Siberian ice maidens trample on Russian tradition
It is -35C in Siberia's main city, Novosibirsk, but many young women here are tottering through the snow in elegant, but perhaps rather impractical high-heeled boots.
And that, despite doctors' warnings and attempts by fashion professionals to promote far warmer traditional Russian footwear.
Even at extremely low temperatures, high heels are still the number one choice for many here. And they contrast sharply with the felt boots, "valenki", worn by headscarved babushki in padded jackets or long fur coats.
The city is covered in white. The crisp snow underfoot squeaks with every step, and the air is so cold, it is easier to breathe with your mouth and nose completely covered.
Ksenia, 22, strolls through Novosibirsk's main square, passing by the huge Lenin monument and walking hastily through snow and ice towards the renowned Opera Theatre.
Like many other young women here, she seems dressed rather out-of-synch with the Arctic-like conditions, wearing high-heeled boots, a pair of skinny jeans, a jacket and a thin hat.
But she happily justifies her choice of footwear.
"15-cm high heels are ideal for winter, and actually I wear them all year round," she says.
"They are great for walking in deep snow; they don't slip and I never get cold, as I am touching the ground only with the front of my foot."
For 20-year-old student Tatiana, high heels are a matter of fashion as well as habit.
"I want to be attractive any time, even when it's freezing outside," she says, stopping briefly before going into the Novosibirsk underground.
Other women reserve high heels for special occasions. Lena, a 25-year-old lawyer, says that she has put on her stylish leather boots with 10cm heels to go see an opera.
"I live nearby, and of course I want to look nice when I go to the theatre, especially when it is only 15 minutes away," says Lena.
For her, she says, health is very important, and if she has to spend more time outside in extreme weather conditions, she chooses warmer and more comfortable footwear.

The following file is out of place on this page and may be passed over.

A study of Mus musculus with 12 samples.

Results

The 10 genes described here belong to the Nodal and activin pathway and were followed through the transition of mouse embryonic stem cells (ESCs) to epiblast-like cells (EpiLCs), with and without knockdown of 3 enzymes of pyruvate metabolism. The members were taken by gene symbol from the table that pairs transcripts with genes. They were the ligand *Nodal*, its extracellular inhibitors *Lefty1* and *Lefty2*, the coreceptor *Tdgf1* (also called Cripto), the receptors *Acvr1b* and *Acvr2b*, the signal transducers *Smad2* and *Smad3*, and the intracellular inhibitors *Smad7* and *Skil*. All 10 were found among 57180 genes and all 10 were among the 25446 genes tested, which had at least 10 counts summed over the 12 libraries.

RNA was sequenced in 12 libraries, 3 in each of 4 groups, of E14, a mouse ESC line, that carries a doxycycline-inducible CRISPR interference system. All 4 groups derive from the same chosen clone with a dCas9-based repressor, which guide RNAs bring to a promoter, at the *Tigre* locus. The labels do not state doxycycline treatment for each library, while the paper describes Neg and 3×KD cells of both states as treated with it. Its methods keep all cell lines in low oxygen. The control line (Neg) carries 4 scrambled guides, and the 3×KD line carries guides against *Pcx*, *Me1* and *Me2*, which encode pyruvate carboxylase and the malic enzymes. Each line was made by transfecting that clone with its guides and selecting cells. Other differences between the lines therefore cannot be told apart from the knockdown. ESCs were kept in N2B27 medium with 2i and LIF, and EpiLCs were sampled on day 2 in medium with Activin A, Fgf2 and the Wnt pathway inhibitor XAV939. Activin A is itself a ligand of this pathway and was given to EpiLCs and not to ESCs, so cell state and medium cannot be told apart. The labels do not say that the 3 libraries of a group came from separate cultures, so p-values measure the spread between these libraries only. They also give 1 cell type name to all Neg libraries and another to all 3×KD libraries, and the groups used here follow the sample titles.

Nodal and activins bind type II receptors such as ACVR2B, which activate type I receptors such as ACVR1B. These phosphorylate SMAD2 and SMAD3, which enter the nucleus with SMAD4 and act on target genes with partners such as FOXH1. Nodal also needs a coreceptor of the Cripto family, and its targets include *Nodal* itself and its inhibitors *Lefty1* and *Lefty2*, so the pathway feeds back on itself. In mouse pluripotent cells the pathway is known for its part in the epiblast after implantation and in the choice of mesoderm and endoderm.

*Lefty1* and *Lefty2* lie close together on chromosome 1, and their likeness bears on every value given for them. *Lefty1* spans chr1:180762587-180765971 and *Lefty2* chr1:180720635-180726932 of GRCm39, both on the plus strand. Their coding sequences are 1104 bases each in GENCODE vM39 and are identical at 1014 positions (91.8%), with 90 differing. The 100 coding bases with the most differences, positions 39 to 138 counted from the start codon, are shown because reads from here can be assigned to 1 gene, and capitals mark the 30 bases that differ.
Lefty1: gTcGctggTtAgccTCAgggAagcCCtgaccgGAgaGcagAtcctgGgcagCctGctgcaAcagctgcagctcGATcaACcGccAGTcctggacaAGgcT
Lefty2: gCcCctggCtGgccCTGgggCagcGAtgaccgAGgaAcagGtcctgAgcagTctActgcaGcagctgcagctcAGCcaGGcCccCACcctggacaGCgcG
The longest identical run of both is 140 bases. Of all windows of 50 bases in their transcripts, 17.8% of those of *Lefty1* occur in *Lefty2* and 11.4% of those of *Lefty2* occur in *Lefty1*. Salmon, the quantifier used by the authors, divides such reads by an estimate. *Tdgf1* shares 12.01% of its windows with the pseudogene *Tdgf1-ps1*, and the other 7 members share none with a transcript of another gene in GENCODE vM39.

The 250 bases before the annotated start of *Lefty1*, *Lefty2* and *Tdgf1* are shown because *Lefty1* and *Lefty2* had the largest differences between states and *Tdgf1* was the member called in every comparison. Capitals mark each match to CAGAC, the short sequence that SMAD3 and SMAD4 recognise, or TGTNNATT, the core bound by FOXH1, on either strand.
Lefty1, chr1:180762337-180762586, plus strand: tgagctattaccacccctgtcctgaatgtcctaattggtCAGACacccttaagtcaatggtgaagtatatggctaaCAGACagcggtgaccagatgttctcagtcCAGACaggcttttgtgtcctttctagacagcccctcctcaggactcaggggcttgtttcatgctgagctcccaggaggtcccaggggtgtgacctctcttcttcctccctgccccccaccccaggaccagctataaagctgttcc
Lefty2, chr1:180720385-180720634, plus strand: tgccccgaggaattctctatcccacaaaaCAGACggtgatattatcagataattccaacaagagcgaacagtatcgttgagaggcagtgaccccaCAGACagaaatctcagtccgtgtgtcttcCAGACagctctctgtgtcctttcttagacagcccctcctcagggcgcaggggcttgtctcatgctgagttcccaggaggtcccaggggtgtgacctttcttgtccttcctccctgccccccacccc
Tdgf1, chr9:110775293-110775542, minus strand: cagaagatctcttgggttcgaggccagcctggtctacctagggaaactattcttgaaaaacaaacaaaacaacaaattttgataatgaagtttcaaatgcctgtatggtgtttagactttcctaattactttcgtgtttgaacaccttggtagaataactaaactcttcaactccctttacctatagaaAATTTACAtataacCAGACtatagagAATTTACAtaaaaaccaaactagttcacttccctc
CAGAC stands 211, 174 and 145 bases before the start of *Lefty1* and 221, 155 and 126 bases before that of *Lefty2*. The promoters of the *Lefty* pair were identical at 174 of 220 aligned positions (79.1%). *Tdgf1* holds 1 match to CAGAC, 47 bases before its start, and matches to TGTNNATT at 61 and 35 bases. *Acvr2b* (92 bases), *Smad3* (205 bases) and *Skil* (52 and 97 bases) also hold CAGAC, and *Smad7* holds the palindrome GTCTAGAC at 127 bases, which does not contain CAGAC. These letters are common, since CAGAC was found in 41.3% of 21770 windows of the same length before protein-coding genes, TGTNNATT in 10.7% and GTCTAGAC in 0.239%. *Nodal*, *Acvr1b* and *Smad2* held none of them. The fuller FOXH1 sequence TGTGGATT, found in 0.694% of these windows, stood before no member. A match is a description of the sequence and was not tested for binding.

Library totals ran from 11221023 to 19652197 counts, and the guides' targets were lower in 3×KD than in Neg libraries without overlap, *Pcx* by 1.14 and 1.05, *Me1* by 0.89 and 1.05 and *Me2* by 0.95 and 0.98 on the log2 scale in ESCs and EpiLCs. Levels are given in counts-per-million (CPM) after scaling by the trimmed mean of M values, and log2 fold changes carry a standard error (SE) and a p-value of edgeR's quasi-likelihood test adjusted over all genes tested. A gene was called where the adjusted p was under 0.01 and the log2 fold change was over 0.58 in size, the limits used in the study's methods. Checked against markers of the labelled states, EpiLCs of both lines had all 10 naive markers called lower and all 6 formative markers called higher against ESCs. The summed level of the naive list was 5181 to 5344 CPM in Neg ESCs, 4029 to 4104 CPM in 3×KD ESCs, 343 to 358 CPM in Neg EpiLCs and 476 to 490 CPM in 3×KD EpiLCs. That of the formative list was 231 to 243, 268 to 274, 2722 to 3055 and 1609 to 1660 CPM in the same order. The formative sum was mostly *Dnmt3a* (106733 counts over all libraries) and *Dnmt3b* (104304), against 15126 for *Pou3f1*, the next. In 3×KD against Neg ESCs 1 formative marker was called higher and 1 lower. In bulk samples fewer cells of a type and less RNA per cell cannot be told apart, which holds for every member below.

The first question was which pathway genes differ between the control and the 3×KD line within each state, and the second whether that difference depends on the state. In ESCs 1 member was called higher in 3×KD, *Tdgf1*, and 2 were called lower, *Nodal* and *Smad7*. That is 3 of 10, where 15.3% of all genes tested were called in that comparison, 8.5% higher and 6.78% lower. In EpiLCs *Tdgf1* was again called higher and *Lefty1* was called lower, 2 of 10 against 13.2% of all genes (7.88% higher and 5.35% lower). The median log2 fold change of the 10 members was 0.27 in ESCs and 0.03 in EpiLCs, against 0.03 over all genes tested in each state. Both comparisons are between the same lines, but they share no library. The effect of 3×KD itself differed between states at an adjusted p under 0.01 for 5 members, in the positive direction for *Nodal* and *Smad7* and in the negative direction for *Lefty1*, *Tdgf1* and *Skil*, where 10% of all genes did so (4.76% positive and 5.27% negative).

That is what doctors here recommend, too. Dr Vera Runkova, a diagnostician from a Novosibirsk state municipal clinic, warns that high heels are not an appropriate choice of footwear for harsh winters.
"When you are young, you sometimes don't care about your future and showing off in a short jacket and thin-soled boots may not bother you," says Dr Runkova.
She explains that although many winter high-heeled boots do come with fur inside, they are still not as warm as other winter footwear, developed specifically for extremely cold weather.
"Many of these girls will be mothers, or already are, and they forget that dressing lightly may lead to all sorts of inflammations, problems with ovaries and kidneys, and even inability to have children," she says, adding that wearing high heels for long periods of time also puts enormous strain on the back.
Yelena Vayman, an independent stylist from Novosibirsk, says that there are other, more appropriate choices of winter footwear in Russia.
She says Russian girls could easily "dress to impress" without flirting with frostbite.
One way, she says, would be to take advantage of Russia's cultural heritage.
"Ethno-style is becoming more popular now - it is based on the knowledge of our traditions and modernising our ancestors' wardrobe," she says.
"For example, traditional Russian valenki look very pretty when they're decorated with all sorts of ornaments. Wearing a Pavlovo-Posad woollen shawl over a fur coat could make a nice touch as well."
But despite designers' attempts to promote decorated valenki, you will struggle to find any young women wearing them in Siberia.
You can find felt boots for children in Novosibirsk, but in five shoe shops in the city centre there are none on sale for adults.
They do, however, do a brisk trade in high heels all year round, even when it is -35C.